Story on Pitt’s Jordan Addison mulling a transfer. Pitt coach Pat Narduzzi called USC coach Lincoln Riley to express his displeasure, per source. Pitt officials suspect tampering. More details here: https://t.co/zo18cxttTr
— Pete Thamel (@PeteThamel) April 30, 2022
USC head coach Lincoln Riley finds himself in the middle of the storm as he had been accused of tampering with Addison, who entered the transfer portal on Tuesday. This came after Riley himself said he thinks there should be restrictions on NIL deals.
“There was no doubt it was going to seep into recruiting at some point. I think that anybody that cares about college football is not real pleased with that because that wasn’t the intention,” said Riley. “We all get that. A lot of people voiced concerns when NIL came up that there had to be a plan for that. Instead, we instituted NIL without any plan for that, so that’s why we’re at where we’re at.”
Addison is expected to transfer to USC after entering the transfer portal. Rumor also has it that Addison was offered major cash and a house if he became a Trojan. Riley is not the only coach accused of tampering with players and offering them money and the NCAA plans to crack down on this.
What's wild to me about the Jordan Addison situation is how quickly a rumor became accepted as Twitter Fact.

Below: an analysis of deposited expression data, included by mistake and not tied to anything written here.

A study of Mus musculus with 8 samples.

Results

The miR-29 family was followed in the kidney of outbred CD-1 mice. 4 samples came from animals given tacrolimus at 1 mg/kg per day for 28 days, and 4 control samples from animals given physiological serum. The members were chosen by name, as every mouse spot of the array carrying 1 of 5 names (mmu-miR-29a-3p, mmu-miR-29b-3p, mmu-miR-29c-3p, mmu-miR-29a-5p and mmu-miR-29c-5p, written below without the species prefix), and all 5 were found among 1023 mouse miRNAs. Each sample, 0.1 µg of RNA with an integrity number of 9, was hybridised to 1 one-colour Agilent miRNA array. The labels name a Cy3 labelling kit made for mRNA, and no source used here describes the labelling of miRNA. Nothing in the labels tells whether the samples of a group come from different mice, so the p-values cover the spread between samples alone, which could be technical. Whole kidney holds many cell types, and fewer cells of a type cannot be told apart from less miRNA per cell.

FWIW, USC does not have a collective and has lost at least one recruit to a school that is giving out deals.
But it apparently has $3M to give a receiver for 1 season.
— Stewart Mandel (@slmandel) May 3, 2022
The NCAA is now saying that if schools and their boosters cheat to get players, they will be dealt with.
One NCAA official told Sports Illustrated that they realize they made a mistake in not setting rules around NIL before now.
Multiple sources tell @RossDellenger that university administrators are gathering to create guidelines that prohibit booster-backed #NIL collectives from associating with HS prospects and college athlete transfers.https://t.co/qJ5tFsjgXz
— Darren Heitner (@DarrenHeitner) May 3, 2022
“We let things get out of hand,” says one official with knowledge of the guidelines. “We have to get [the boosters] out of contacting recruits and bartering with them.”
According to the new bylaws which could go into effect soon, if schools do not control their spending, they could be sanctioned for violating NCAA rules.
It may not cut down on cheating, it could, however, make schools a little bit more cautious when making NIL deals with student-athletes.